Race Weekend Central

Austin Cindric Makes 4-Wide Move Work at Atlanta

Conventional wisdom, especially at a track like Atlanta Motor Speedway whose reprofile in 2022 narrowed the width of the turns by 55 feet, says that trying to run three-wide is ill-advised. 

That’s risky enough. Four-wide? That on the surface could be considered ludicrous. 

But during a day and into the early-evening in which Austin Cindric led the second-most laps at Atlanta, the Team Penske driver didn’t just find himself in a position to take a gamble, but also made it work. 


Racing for the lead with Martin Truex Jr., Michael McDowell and Chase Briscoe, Cindric dove to the inside near the apron as the tightly-packed field made its way along the frontstretch. Cindric whisked by, leaving a four-wide pack behind him coming off of the second turn.  

“Four-wide in Atlanta, that doesn’t really work in the corners, that only works in the straights,” Cindric said. “I did have enough time to think about whether or not it was a good idea, and it was a good idea. I’m sure it looked cool and made for good pictures.”

To Cindric, it was a chance worth taking. 

“You’ve got to do it,” Cindric said. “I promise you, I’ll be the guy.”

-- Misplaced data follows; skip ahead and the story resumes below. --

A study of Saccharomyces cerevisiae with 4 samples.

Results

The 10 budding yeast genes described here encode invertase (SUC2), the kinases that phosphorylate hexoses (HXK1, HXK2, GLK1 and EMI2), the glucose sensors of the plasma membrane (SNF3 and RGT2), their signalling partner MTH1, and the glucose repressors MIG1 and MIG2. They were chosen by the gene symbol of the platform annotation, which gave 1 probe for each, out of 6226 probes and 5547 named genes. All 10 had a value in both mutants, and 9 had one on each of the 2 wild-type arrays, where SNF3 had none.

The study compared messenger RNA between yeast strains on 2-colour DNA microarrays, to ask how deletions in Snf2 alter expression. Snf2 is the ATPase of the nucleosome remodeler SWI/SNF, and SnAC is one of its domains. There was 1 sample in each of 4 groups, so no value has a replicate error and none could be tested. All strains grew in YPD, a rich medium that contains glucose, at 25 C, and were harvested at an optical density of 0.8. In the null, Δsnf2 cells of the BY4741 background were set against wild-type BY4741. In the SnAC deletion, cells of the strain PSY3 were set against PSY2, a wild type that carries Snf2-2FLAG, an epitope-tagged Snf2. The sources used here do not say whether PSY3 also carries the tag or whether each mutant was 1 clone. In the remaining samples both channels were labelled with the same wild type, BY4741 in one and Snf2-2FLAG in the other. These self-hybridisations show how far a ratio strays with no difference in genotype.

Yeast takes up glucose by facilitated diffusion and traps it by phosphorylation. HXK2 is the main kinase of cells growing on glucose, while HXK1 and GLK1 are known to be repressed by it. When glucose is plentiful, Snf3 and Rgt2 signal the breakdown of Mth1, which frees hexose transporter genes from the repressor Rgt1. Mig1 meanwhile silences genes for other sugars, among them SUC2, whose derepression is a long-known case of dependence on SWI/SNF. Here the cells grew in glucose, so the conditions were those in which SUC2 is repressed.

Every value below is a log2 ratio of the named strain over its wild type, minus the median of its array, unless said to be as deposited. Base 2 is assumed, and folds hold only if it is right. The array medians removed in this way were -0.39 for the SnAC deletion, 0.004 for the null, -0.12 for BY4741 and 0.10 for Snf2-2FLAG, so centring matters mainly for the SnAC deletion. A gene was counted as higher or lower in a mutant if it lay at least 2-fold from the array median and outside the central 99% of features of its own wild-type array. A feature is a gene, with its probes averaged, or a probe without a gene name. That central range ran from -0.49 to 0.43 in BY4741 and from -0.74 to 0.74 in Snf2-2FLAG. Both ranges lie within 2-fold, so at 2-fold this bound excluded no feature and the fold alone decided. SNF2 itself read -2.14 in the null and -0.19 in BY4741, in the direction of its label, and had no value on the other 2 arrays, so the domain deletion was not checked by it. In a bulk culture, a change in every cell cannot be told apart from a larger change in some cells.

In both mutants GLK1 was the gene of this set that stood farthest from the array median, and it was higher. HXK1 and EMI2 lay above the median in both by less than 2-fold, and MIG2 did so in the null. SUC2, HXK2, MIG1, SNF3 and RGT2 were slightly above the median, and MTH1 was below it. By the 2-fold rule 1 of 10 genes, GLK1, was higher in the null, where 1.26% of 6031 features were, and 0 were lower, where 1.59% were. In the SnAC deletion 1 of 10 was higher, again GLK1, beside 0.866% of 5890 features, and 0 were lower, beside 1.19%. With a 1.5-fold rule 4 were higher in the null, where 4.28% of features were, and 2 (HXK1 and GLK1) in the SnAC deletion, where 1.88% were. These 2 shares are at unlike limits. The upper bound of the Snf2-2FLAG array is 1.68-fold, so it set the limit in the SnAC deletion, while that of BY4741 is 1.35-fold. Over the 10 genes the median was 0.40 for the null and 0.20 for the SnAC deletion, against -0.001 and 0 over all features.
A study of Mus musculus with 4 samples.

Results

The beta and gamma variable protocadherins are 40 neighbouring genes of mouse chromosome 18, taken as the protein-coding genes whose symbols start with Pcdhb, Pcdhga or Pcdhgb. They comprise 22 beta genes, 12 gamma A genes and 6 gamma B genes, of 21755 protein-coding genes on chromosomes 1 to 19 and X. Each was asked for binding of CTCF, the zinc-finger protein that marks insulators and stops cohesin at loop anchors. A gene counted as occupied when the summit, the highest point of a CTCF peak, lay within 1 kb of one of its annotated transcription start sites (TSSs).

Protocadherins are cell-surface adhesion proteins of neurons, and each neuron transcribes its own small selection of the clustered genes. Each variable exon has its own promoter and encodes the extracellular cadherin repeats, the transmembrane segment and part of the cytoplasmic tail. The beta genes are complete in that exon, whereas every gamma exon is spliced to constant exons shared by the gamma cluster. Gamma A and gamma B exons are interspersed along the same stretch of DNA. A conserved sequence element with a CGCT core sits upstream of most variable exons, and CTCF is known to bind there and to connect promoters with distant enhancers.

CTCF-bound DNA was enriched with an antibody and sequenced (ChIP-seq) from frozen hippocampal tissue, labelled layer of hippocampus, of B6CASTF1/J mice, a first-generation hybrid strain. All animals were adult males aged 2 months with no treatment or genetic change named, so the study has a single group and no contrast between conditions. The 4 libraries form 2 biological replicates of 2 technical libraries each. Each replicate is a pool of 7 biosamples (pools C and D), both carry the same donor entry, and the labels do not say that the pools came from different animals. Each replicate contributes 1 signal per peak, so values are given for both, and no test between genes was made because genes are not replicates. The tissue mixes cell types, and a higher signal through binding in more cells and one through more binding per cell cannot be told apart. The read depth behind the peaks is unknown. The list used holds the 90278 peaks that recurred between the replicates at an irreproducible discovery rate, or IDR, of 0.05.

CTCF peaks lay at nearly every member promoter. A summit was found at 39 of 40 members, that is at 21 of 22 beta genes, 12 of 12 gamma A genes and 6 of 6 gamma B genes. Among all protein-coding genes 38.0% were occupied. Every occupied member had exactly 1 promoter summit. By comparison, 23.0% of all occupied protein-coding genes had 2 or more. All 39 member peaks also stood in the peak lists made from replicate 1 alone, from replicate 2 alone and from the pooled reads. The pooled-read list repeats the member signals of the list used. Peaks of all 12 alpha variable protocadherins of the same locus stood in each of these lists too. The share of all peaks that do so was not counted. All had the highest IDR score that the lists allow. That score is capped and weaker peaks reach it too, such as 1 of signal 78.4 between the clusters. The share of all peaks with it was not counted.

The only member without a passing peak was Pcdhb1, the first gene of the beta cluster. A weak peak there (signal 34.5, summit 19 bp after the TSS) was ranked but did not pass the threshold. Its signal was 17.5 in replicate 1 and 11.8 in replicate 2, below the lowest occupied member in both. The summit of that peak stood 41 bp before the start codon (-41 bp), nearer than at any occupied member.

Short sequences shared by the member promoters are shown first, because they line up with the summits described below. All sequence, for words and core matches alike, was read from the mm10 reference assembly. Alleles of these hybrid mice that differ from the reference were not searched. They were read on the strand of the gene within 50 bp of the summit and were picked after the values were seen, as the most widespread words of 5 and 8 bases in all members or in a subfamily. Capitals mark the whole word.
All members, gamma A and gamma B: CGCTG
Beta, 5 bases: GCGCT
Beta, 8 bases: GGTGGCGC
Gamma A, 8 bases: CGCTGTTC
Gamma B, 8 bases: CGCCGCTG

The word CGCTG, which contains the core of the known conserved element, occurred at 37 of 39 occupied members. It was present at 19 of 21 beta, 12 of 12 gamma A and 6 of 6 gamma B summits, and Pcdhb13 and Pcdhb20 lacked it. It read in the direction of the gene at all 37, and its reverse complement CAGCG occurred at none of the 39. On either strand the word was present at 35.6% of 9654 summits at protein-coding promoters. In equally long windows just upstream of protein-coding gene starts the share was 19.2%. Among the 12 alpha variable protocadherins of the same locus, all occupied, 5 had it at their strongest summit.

From Cindric’s viewpoint, another impressive part may have been what happened in his rear-view mirror. Briscoe, McDowell and Truex, who were joined by Kyle Busch‘s inside run to make it four wide again, kept their cars composed and avoided wrecking.  

“They were only four-wide with me for half a second, I had a big enough lead, so it didn’t last too long,” Cindric said. “I did look in the mirror expecting them to wreck, that was pretty impressive.”

One reason for that, perhaps? Drivers being more at ease in close quarters in Atlanta. 


Cindric noted that the flow of the air off of cars makes it even harder to avoid wrecking while racing four-wide at a track like Atlanta. Ironically, Cindric came up short of a win Sunday night (Feb. 25), finishing fourth behind the three-wide finish of Busch, Ryan Blaney and Daniel Suarez

“What the viewer doesn’t understand is how difficult it is to follow (another car) at this race track, especially when you have all of that turbulent air coming off the hood,” Cindric said.”That’s what kind of got us in the end, it’s not easy to do.”